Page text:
USAID announces increased assistance for El Salvador, Guatemala and Honduras
In the last year, the number of people requiring humanitarian aid in these countries has increased more than 75 percent. Now, because of the impacts of COVID-19, consecutive years of drought, severe food insecurity, continued high levels of violence and persecution, and back-to-back hurricanes last November, more than ten million people are in need of humanitarian assistance.
This new funding from USAID will provide critical relief to meet the deepening and compounding needs. This assistance includes:
- Nearly USD54 million in Guatemala for emergency food assistance, economic recovery programs to help people rebuild their livelihoods, training for families to promote healthy infant and young child feeding practices, screening for malnutrition, handwashing campaigns and hygiene supplies to help keep people healthy and reduce the spread of disease, protection for the most vulnerable, and support to smallholder farmers—including seeds, fertilizer, poultry, livestock feed, access to veterinary services, and training to build resilience to future climate shocks.
- Nearly USD55 million in Honduras for food assistance during the upcoming lean season, support for families to strengthen the resilience and sustainability of their food sources through climate-smart farming practices and diversification of crops, training to help families increase egg production in chickens to provide nutritious food and generate additional income, protection for the most vulnerable, and programs to help communities become better prepared for future disasters.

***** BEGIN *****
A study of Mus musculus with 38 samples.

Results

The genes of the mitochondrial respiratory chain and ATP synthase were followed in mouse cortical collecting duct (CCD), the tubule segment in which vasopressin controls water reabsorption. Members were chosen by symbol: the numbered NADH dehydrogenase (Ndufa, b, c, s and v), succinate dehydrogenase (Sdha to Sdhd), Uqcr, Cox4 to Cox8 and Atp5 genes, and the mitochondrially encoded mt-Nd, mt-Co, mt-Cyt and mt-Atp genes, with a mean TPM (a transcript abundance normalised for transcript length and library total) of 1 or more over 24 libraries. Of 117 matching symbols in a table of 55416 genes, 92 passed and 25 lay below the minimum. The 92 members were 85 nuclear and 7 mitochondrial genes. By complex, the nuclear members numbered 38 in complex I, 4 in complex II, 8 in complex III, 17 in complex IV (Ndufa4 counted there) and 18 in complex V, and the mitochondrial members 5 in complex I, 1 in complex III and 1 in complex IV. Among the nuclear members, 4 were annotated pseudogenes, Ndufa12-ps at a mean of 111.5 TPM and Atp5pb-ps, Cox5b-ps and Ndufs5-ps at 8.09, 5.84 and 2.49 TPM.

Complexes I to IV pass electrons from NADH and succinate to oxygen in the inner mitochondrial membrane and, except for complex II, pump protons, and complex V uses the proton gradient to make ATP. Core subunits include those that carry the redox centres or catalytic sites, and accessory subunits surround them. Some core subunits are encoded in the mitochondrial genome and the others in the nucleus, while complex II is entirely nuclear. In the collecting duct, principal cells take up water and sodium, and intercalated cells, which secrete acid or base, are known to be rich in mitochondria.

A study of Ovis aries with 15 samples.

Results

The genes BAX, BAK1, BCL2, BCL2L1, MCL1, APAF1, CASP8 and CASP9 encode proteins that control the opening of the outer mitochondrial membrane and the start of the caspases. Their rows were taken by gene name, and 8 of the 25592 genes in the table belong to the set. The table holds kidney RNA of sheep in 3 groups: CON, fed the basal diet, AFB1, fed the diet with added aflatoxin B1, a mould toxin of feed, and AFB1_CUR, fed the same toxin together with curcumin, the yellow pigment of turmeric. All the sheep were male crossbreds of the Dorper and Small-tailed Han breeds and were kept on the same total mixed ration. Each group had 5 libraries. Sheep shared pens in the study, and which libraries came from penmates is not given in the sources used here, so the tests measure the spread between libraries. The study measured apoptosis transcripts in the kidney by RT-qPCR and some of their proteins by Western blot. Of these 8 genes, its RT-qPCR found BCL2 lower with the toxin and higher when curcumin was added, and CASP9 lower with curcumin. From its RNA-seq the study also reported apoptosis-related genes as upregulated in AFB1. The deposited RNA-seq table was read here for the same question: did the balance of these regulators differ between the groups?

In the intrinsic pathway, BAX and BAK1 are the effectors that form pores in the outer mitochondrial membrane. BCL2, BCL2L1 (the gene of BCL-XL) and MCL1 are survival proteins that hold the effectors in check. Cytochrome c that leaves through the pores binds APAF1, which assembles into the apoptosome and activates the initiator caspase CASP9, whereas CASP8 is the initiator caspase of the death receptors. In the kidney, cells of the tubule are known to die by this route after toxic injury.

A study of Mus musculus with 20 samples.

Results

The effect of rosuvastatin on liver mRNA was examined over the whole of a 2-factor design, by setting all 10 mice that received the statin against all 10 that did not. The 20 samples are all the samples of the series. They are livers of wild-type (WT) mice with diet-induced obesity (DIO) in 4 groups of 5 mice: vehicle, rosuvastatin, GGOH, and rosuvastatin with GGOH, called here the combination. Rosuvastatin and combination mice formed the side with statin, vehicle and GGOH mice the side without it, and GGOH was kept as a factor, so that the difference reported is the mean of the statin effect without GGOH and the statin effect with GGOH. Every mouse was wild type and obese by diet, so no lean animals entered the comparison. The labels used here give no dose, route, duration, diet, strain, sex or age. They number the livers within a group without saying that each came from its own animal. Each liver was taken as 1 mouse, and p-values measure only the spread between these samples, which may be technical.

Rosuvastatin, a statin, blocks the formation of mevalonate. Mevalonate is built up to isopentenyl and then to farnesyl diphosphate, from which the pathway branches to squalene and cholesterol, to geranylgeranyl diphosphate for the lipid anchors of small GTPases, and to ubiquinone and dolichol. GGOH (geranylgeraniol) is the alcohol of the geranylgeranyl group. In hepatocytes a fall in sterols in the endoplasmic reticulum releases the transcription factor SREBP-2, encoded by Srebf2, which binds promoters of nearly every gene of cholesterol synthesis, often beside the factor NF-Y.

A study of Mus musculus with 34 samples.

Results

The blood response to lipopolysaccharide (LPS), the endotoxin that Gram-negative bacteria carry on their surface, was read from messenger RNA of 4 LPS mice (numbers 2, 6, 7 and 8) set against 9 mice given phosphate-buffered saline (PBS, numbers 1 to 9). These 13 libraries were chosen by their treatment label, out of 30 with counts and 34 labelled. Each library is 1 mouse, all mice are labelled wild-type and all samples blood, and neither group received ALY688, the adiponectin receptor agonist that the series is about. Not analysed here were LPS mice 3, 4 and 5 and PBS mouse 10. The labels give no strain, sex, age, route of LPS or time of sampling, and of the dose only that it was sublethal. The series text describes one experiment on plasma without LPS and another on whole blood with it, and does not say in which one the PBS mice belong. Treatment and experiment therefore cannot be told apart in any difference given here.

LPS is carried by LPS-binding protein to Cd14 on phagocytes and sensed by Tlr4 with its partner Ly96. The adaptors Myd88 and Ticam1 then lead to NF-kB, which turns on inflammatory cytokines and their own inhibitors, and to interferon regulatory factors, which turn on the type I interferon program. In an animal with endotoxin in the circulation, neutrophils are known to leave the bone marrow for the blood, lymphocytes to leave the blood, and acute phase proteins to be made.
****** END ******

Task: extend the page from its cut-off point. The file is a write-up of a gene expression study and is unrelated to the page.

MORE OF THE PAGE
- More than $16 million in El Salvador for emergency food assistance, protection for the most vulnerable, and support to help people get back on their feet through distributing seeds and tools and improving community gardens and pastures.
The United States is the single largest humanitarian donor in these countries, and remain committed to supporting the people of El Salvador, Guatemala, and Honduras, as well as other vulnerable and displaced people in the region. The U.S. also encourages other donors to contribute to the response efforts.
This support adds to robust, long-term programs to address the root causes of irregular migration from El Salvador, Guatemala, and Honduras by enhancing economic opportunities, strengthening governance and security, supporting human rights, and building greater resilience to climate change.